About the Book
Finalist for the Track and Field Writers of America’s 2018 Armory Foundation Book Award
"Tyus proves as winning a storyteller as she was a runner...The 'a' in Wyomia is silent, but thankfully, the woman who owns that name is not."
--New York Times Book Review
"Tigerbelle offers a fresh perspective on the history of women's sports in the United States. From her one-of-a-kind accomplishments on the track to her contributions to equal pay and publicity for women through the Women's Sports Foundation, Wyomia Tyus has earned her place in the pantheon of American sports sheroes and heroes."
--Billie Jean King
A Women's National Book Association selection for the National Reading Group Month Great Group Reads for 2018!
"Wyomia Tyus may not be as well known as Wilma Rudolph or Billie Jean King, but her athletic accomplishments and life story are equally captivating, as related in this remarkable and inspiring memoir...This deeply moving book by one of our greatest athletes makes indelible statements about integrity, growing up black in the South, social activism, gender equality, and inclusion."
--Booklist, STARRED review
"One of the standout athletes of the [1960s]...Carl Lewis, Gail Devers, Shelly-Ann Fraser-Pryce and Usain Bolt later joined Tyus in the multiple Olympic 100m titles club, but Tyus, a standout of Ed Temple's Tennessee State Tigerbelles track teams, will always be the first."
--NBC Sports Online
"Olympic sprinting champion Tyus' moving memoir not only recounts her athletic triumphs but it also makes indelible statements about growing up black in the South, social activism, gender equality, and inclusion."
--Booklist, "Top 10 Sports Nonfiction: 2018"
"Wyomia Tyus' descriptions of the Tigerbelles' team unity, the friendships that developed even in the midst of hard times, and their eventual championships, both individually and as a team, provide a look at a time and era in sports and women's history that doesn't get nearly the exposure as it deserves...Tigerbelle: The Wyomia Tyus Story is a book all fans of any sport, but particularly those who love track and field, will enjoy. But it also covers an equally important slice of history, both for HBCUs and women's sports, that should never be forgotten nor undervalued."
--The Tennessee Tribune
"Read it: For an important memoir of Wyomia Tyus, the first athlete to successfully defend an Olympic 100-meter title, winning in 1964 and 1968. From a tenant dairy farmer to a Tennessee State Tigerbelle to an Olympic champion, she reveals the struggles she faced to get to the top as well as the challenge to gain recognition as a black female athlete."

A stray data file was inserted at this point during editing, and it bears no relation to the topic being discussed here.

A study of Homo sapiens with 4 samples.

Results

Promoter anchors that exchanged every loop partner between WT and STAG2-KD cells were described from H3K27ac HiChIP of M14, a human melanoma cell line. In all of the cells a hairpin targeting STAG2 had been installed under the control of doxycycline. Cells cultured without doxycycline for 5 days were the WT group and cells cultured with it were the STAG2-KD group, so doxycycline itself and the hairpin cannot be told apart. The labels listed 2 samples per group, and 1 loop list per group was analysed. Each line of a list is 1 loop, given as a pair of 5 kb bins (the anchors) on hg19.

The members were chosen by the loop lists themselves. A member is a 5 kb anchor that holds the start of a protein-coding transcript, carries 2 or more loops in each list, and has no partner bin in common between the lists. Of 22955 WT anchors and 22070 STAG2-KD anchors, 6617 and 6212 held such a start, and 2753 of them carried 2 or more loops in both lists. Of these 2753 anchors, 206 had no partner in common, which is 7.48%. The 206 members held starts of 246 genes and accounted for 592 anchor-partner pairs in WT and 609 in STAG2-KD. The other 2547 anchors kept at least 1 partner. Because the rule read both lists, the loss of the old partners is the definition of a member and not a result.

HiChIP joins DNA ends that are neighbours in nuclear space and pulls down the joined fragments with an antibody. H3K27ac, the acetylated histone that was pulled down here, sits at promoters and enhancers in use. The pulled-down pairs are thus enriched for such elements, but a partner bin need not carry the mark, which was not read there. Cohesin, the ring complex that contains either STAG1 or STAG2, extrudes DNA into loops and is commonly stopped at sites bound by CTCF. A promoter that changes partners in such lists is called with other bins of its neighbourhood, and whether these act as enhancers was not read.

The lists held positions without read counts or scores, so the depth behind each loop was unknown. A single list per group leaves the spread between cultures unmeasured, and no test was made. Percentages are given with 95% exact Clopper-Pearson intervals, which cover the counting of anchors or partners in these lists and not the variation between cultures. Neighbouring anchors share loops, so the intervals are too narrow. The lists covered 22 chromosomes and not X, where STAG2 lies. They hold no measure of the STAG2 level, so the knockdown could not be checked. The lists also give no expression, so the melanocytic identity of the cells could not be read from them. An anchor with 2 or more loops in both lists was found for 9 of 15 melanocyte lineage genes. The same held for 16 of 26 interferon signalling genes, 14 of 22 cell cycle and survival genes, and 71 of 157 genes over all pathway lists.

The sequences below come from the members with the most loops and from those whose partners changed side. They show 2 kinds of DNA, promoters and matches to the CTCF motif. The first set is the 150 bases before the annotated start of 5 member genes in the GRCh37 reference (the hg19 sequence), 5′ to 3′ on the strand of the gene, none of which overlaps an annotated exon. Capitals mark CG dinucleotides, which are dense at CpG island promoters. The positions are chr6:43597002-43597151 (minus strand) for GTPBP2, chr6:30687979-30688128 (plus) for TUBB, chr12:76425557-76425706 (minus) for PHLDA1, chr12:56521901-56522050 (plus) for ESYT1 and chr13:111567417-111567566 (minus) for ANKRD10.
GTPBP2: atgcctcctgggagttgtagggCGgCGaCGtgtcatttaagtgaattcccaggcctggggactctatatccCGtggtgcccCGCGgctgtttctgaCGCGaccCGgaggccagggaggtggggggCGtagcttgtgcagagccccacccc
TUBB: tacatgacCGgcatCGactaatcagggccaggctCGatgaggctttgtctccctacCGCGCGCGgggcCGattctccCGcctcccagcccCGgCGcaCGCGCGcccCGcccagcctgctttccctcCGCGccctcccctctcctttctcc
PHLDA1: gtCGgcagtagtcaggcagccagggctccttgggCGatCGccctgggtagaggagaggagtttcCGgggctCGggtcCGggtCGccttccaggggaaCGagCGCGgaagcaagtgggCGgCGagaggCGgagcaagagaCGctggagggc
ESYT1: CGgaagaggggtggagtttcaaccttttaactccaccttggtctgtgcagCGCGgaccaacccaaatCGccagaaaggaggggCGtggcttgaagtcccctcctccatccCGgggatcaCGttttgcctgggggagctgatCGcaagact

--Women's Running Magazine
"A half-century after her triumph, a record-setting Olympic champion recieves her due...[Tyus] has lived a life of accomplishment and meaning. An inspirational story that deserves to be told."
In 1968, Wyomia Tyus became the first person ever to win gold medals in the 100-meter sprint in two consecutive Olympic Games, a feat that would not be repeated for twenty years or exceeded for almost fifty. Tigerbelle chronicles Tyus's journey from her childhood as the daughter of a tenant dairy farmer through her Olympic triumphs to her post-competition struggles to make a way for herself and other female athletes.
The Hidden Figures of sport, Tigerbelle helps to fill the gap currently occupying Black women's place in American history, providing insight not only on what it takes to be a champion but also on what it means to stake out an identity in an often hostile world. Tyus's exciting and uplifting story offers inspiration to readers from all walks of life.
With a foreword by MSNBC host Joy Reid, and an afterword by sportswriter Dave Zirin.
About the Book
A timely memoir about world record–breaking Tyus's 1964 and 1968 Olympic victories, amid the turbulence of the 1960s, along with contemporary reflections.
Wyomia Tyus was born and raised in Griffin, Georgia. She attended Tennessee State University in Nashville and ran under the tutelage of visionary coach Ed Temple as a member of the Tigerbelles until she graduated in 1968. A four-time Olympic medalist, and the holder of multiple world records, Tyus was also a supporter of the Olympic Project for Human Rights during the 1968 Olympics, doing her part to promote justice for oppressed people around the world. As a founding member of the Women's Sports Foundation, she continues to advocate for women's equality in sports to this day.
Elizabeth Terzakis teaches English and creative writing at a community college in Northern California. Her fiction has appeared in New England Review, Minerva Rising, Solstice, and Birdland Journal, and her nonfiction publications include articles on the global AIDS crisis, education, free speech, human nature, and capital punishment. Tigerbelle is her first book.